We have been receiving questions via our enquiry service on our website. Here’s an example of the difficulties tenement owners are facing when it comes to recovering costs and what options are available.
Q: I live in a block of six flats. We had to go ahead with an emergency roof repair, and one of our neighbours is refusing to pay – what can we do?
First, check your title deeds for any reference to emergency repairs, and if there is none, follow the steps below.
The Tenements (Scotland) Act states that any owner can carry out emergency work and recover the costs.
What counts as emergency work?
Emergency works are those defined as repairs which:
- can’t wait for a joint decision to be made amongst owners
- are required to prevent damage to your building
- are in the interests of health and safety
Make sure to try and have a conversation with your co-owner to see if you can find out why they are refusing pay. Is it the case that they won’t pay or can’t pay? This might be a tricky conversation to have – see our article on how to have difficult conversations.
Your neighbour’s title deeds set out the rules and responsibilities they have for the building, but they also have a legal duty to maintain the building.
What is the Duty to Maintain?
The Tenements (Scotland) Act 2004 states that every owner must maintain any part of their building that provides shelter and support, to ensure that it can continue to provide this shelter and support effectively.
This means that if your neighbour is refusing to pay for an emergency repair that affects the shelter and support of the building, such as in this case with a repair to the roof, they have breached their duty to maintain.
Remind your neighbour of the Duty to Maintain
You have the right to remind your neighbour of their legal duty. You can do this by sending them a letter, either in physical form through their letter box or digitally.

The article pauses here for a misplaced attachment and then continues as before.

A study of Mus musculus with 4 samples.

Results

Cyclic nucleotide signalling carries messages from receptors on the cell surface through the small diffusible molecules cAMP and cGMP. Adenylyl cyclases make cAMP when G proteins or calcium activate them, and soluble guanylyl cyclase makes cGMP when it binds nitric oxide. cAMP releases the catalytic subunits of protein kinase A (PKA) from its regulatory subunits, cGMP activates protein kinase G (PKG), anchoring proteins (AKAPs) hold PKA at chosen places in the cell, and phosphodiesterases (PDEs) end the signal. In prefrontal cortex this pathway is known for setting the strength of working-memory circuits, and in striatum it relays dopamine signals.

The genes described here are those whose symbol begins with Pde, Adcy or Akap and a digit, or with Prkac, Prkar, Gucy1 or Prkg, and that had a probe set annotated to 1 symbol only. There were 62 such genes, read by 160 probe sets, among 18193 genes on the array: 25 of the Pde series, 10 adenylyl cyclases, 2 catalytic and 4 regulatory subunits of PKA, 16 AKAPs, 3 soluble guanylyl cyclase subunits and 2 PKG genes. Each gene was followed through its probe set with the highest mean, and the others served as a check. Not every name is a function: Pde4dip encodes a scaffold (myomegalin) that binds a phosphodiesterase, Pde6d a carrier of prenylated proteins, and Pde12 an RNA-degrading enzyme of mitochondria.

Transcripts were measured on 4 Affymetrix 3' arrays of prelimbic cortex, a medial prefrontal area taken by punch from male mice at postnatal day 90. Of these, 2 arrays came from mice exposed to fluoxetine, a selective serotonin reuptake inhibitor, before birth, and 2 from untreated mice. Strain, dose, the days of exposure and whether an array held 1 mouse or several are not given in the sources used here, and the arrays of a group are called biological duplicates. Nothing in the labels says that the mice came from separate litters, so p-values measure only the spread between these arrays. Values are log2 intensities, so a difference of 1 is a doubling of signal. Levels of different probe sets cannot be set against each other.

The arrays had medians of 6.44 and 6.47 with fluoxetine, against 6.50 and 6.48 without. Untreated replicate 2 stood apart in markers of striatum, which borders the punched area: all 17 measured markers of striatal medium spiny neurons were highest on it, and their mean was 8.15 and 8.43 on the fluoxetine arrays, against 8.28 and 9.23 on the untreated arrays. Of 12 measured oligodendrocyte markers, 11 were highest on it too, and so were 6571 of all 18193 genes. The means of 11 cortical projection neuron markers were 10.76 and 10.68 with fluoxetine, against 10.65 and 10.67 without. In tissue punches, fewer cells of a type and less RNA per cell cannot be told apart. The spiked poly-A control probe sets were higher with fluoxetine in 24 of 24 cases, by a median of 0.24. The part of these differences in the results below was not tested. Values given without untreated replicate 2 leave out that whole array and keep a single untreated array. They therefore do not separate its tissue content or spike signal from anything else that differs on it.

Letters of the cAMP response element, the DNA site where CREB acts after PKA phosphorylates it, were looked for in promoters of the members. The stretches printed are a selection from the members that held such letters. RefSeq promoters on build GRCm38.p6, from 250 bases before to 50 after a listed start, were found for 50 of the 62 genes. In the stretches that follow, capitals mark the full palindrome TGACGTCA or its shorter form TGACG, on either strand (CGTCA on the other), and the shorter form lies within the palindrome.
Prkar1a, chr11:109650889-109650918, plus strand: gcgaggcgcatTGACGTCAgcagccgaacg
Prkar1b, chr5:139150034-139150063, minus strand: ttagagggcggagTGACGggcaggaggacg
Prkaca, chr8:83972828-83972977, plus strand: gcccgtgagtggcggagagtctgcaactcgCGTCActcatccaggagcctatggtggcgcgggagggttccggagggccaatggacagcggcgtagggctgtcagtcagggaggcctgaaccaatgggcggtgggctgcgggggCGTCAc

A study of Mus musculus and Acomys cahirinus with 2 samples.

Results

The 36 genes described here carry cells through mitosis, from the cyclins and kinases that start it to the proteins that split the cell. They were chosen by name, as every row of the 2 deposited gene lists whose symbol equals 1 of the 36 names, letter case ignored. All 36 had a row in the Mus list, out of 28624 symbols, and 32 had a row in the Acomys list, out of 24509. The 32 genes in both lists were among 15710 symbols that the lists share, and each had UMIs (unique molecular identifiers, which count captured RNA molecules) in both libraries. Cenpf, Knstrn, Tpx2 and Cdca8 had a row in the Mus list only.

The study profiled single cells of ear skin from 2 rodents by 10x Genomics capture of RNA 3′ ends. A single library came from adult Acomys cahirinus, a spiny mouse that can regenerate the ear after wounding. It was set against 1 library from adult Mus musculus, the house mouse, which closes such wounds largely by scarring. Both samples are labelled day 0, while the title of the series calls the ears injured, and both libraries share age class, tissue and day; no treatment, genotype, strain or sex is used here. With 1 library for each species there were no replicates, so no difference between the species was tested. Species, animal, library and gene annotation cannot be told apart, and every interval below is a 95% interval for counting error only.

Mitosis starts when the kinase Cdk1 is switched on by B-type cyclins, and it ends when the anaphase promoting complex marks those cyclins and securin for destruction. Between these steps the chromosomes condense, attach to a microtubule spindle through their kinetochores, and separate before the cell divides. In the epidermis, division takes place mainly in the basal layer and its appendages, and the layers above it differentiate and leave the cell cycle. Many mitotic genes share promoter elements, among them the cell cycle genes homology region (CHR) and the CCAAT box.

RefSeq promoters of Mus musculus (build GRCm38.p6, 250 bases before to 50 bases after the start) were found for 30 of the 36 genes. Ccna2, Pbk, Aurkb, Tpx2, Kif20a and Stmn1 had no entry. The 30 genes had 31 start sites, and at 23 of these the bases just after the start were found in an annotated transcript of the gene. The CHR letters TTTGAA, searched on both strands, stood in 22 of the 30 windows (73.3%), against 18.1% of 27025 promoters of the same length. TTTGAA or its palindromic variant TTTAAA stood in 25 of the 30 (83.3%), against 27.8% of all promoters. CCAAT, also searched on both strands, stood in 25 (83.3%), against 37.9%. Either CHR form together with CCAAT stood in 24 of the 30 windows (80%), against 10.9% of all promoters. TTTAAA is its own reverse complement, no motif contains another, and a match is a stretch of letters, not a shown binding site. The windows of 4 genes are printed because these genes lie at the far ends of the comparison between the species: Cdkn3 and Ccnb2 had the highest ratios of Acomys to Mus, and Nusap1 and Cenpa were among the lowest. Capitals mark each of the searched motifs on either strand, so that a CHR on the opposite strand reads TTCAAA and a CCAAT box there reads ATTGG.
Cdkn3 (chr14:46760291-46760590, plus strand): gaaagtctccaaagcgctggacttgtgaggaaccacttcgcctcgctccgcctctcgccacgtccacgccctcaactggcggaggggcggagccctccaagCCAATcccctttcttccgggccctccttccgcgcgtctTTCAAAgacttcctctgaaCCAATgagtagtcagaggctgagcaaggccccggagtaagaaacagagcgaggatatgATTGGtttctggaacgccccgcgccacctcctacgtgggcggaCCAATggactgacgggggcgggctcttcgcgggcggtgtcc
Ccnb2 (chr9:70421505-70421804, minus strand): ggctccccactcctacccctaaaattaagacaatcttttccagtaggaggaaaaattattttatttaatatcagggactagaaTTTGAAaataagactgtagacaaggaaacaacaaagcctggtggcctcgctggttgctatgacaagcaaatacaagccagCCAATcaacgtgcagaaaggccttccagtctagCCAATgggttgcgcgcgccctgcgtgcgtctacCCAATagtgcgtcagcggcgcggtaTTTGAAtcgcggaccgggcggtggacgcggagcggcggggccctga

In the letter, you should include the details of the work carried out, why it was carried out, what their share is, and how they can contact you to arrange payment.
If you send a physical letter, it is good practice to take a photograph as evidence that it has been sent.
You can download our Duty to Maintain template letter here.
If you get no response to your letter, you can take legal action to recover the costs. Before taking legal action, consider:
- getting advice from local advice centres or Citizens Advice – they may be able to advise alternatives to legal action
- mediation – there are community mediation schemes available in several areas, or private mediation is also an option
For repairs under £5000
You can undergo Simple Procedures through the Sheriff Court:
- Simple Procedures is designed to be used by people with little legal knowledge and without the help of a legal professional
- it involves completing and submitting a Claim Form (Form 3A) to the Sheriff Court – the court which hears the claim is the one within the area where your co-owner lives or has a place of business
- the Sheriff Clerk will check and register the form, and then give a date by which a response must be made by your co-owner – this is usually about three weeks
- your co-owner can either dispute the claim and provide their own evidence, settle the claim before the response date, settle the claim but ask for extra time to pay, or do nothing
- if your co-owner decides to do nothing, it is likely the case will be found against them – see our website for more information on what happens if your co-owner does nothing
For repairs over £5000
You can take other legal action or professional help:
- the legal procedure to take is called an ‘Ordinary Cause’
- in this case, you will need a solicitor to advise you and the case will still be handled by the Sheriff Court
It is important to note that although at times necessary, emergency repairs are more likely where a property has not been well-maintained:
- emergency repairs are generally poor value for money compared with planned repairs
- it’s likely the repair will only have been a patch job and that more thorough repairs are required
- consider getting professional help, such as having the roof surveyed, and plan for proper repairs as they will be cheaper in the long run
If the other owner remains uncooperative, make sure to follow proper procedures for future repairs. For example, your council might be able to help with the cost of repairs, such as through Missing Shares or serving a Work Notice. However, these procedures can only be used before the repair work has started.